SB 11.8: The Story of Piṅgalā
Lord Kṛṣṇa told Uddhava how the avadhūta brāhmaṇa explained to Mahārāja Yadu the instructions he had received from nine of his gurus, beginning with the python.
The instruction the avadhūta brāhmaṇa received from the python is that an intelligent person should cultivate a mentality of detachment and should maintain his body by accepting whatever comes of its own accord or is easily obtained. In this way, he should remain always engaged in the worship of the Supreme Personality of Godhead. Even if no food is available, the person who wants to engage fully in the Lord’s worship should not beg; rather, he should understand this to be the arrangement of providence, thinking, “Whatever enjoyment is destined for me will automatically come, and thus I should not uselessly waste the remaining duration of my life in worrying about such things.” If he does not get any food, he should simply remain lying like the python and patiently fix his mind in meditation upon the Supreme Lord.
The instruction the avadhūta brāhmaṇa received from the ocean is that the mind of the sage who is devoted to the Personality of Godhead appears very clear and grave, just like the still ocean waters. The ocean does not overflow during the rainy season, when all the flooded rivers discharge their waters into it, nor does it dry up during the hot season, when the rivers fail to supply it. Similarly, the sage does not become elated when he achieves desirable things, nor does he become distressed in their absence.
The instruction of the moth is that just as he becomes enticed by the fire and gives up his life, the fool who cannot control his senses becomes enchanted by the forms of women decorated with gold ornaments and fine clothing. Chasing after these embodiments of the divine illusory energy of the Lord, he loses his life untimely and falls down into the most horrible hell.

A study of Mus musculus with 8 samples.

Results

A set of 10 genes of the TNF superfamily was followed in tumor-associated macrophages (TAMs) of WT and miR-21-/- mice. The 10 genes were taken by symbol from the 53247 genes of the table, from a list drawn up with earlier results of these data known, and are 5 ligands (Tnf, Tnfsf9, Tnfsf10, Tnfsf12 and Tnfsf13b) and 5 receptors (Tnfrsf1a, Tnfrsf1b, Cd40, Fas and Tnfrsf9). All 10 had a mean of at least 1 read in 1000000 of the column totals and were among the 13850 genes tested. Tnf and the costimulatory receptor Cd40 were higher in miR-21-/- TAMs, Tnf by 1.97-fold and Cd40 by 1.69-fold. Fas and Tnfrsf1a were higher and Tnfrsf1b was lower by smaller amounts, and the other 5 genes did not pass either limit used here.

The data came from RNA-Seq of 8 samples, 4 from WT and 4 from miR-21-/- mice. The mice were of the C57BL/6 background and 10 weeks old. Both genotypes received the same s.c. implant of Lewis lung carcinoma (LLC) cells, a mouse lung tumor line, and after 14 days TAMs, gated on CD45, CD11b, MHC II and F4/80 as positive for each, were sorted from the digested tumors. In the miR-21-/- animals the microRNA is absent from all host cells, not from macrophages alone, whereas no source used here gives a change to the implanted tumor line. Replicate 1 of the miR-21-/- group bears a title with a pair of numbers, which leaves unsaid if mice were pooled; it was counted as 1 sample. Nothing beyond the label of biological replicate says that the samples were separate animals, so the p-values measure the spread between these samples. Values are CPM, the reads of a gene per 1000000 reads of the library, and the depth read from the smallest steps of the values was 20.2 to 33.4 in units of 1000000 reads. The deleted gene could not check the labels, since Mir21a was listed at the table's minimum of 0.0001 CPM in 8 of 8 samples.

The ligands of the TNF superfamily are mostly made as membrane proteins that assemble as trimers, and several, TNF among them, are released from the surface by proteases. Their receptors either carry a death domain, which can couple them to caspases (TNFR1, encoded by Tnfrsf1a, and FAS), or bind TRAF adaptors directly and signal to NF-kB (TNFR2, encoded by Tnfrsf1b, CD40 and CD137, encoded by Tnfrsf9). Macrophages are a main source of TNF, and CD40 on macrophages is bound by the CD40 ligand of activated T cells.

There are two kinds of bees, the bumblebee and the honeybee. The instruction learned from the bumblebee is that a sage should collect only small amounts of food from many different households and thus day after day practice the occupation of mādhukarī for maintaining his existence. A sage should also collect the essential truths from all scriptures, be they great or insignificant. The instruction received from the second insect, the honeybee, is that a mendicant sannyāsī should not save the food he begs for the sake of having it later that night or the next day, because if he does so, then just like the greedy honeybee he will be destroyed along with his hoard.
From the elephant the avadhūta brāhmaṇa received the following instruction. Male elephants are tricked by hunters into moving toward captive female elephants, whereupon they fall into the hunters’ ditch and are captured. Similarly, the man who becomes attached to the form of woman falls down into the deep well of material life and is destroyed.
The instruction received from the honey thief is that just as he steals the honey collected with great effort by the honeybee, a person in the renounced order of life has the privilege of enjoying before anyone else the food and other valuable things purchased by the hard-earned money of the householders.
The instruction from the deer is that just as he becomes confused upon hearing the song of the hunter’s flute and loses his life, so also does any person who becomes attracted to mundane music and song uselessly waste his life.
The instruction learned from the fish is that because he comes under the sway of attachment to the sense of taste, he is caught on the baited fishhook and must die. Similarly, an unintelligent person who is victimized by his insatiable tongue will also end up losing his life.
There was once a prostitute named Piṅgalā in the city of Videha, and from her the avadhūta learned another lesson. One day she dressed herself in very attractive clothing and ornaments and was waiting from sunset until midnight for a customer. She waited in great anticipation, but as the time passed her mind became very uneasy. No man came to see her, and in disgust she finally became renounced, giving up her hankering for the arrival of a suitor. Thereafter she engaged herself in thinking only of the Supreme Lord, Hari, and her mind achieved the supreme platform of peace. The instruction received from her is that hopes for sense gratification are the root cause of all suffering. Therefore, only one who has given up such hankering can fix himself in meditation upon the Personality of Godhead and achieve transcendental peace.